FAQ: Mediums, Paint, Color, Placement||"I'm all over the place with mediums, What do I paint, What colors, Where do I put it on the canvas?"|
Testing out different mediums is not a bad thing. You wear different clothes for different occasions, right? Thumbing through a Dick Blick catalog is just dizzying with possibilities, so it's a pretty normal response to want to play a lot. After all, we're just tall kids. That said, particular mediums lend themselves better to certain images (and to the artist's intention behind the images). Next time you're at a gallery, notice how the medium serves the subject. Imagine any work of art you see as having been done in another medium. Would it work as well? Not sure? A good way to get a basic understanding of the use of medium is to experiment by setting up a simple, but emotional still life and represent this image using a variety of paints, pens, pencils, encaustics - whatever you're curious about using. Compare all the images. What does your gut tell you? Which medium expressed that particular emotion best? Which medium expressed your intention the best? The key is to try to use each medium in the way it was intended. If you're not sure what that is, read about it. Gamblin (www.gamblincolors.com) has a nice reference section on various subjects, but look everywhere - even YouTube.
If the issue is that you feel kind of "flighty", that's different. I have two very good artist friends who both have expressed "guilt" about not staying with one medium, like they were cheating on their husbands or something. Seriously, I kind of doubt it's actual "guilt" that they're feeling - more like frustration in not mastering any one of them. Or maybe they just feel a zest for all that life has to offer. Who could fault that?
Often, though, people will move on to another medium because their last work of art didn't turn out so great, thinking that using another tool will help. (Sometimes it actually does, but I think it has less to do with the medium and more to do with being stimulated.) If you want to be able to work yourself out of those confusing spots, know why you're doing it at all. If you work with an art group on a regular basis, sometimes you might find yourself comparing the level of your work with others, or maybe you feel as though you have to come up with another work of art because you know they will, or maybe you're part of an art group mostly for social reasons. It could be, too, that your life outside of that group is way too busy to be able to concentrate. Give yourself a break. Try to get in touch with your motivations and be true to them. Be conscious of why you create art, if you truly want to create art at any given time and remind yourself that creating visual art is normally a solitary, individual endeavor.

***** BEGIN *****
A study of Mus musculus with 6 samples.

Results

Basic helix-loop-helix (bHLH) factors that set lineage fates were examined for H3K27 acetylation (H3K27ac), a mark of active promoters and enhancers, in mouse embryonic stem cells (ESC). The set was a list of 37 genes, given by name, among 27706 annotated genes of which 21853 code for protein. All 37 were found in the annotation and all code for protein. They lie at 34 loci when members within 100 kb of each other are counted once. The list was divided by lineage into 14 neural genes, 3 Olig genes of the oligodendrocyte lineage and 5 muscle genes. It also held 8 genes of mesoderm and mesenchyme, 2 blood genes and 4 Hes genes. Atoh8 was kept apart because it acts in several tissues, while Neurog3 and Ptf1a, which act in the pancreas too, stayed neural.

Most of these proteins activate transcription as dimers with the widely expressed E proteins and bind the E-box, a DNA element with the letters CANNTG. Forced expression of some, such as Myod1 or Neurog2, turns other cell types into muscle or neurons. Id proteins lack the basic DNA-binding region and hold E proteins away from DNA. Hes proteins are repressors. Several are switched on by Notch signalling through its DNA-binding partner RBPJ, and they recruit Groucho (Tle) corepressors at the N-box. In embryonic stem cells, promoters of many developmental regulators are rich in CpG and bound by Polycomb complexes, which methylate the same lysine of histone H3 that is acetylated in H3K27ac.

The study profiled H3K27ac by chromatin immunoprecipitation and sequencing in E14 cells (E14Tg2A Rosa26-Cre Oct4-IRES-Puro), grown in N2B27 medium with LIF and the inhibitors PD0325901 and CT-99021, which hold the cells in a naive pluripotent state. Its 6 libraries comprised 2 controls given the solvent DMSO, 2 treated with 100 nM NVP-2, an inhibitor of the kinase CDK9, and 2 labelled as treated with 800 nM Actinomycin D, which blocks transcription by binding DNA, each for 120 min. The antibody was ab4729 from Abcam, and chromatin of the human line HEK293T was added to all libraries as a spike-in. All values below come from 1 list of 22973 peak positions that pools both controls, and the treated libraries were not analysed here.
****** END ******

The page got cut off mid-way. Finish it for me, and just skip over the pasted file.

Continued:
Many years ago, I had ankle surgery. For 11 years up to that point, I'd been designing and teaching stained glass. Well, ya kind of have to stand to do stained glass, so for 6 weeks I had to find something else useful to do. That's when I started using pencil, charcoal, pastels and ink in earnest. My proportioning and perspective were always off because I was looking at the surface of my pad from an angle (laying in my bed), but the visceral change in medium was exhilarating. That led to acrylics, which led to oils (which I totally fell in love with because it was so versatile and forgiving) which I use primarily to this day. You never know what's going to click, so experiment away.
Which colors to use and image placement? Those decisions will emerge from the development of your idea. If you stand at an easel thinking your idea will just flow out of the brush, you will be intensely frustrated. Think through your idea thoroughly away from the easel, envision it on the canvas completed, sketch it in a thumbnail a few times, test color in those thumbnails, test value range options. If you literally don't know how to use color, experiment until you do, take lessons and read about it. If you aren't familiar and practiced with the potential of your tools, your idea has no way of being expressed. Those tools and painting methods will have to become second nature in order for you to be able to create an image the way you envision it. It does take time to get to that point and a lot of patience with yourself. CONFESSION: In the early days, I'd get so frustrated I'd whack the edge of my canvas with my mahl. It wasn't until much, much later that I discovered things like, "No, you CANNOT get a sunset color by mixing a cool red with a cool yellow, no matter what proportions you use." Duh. My poor canvas. I'm sorry. Learn the tools FIRST, then let it rip! (I touch on "what to paint" - your subject - in my FAQ "Blank Canvas").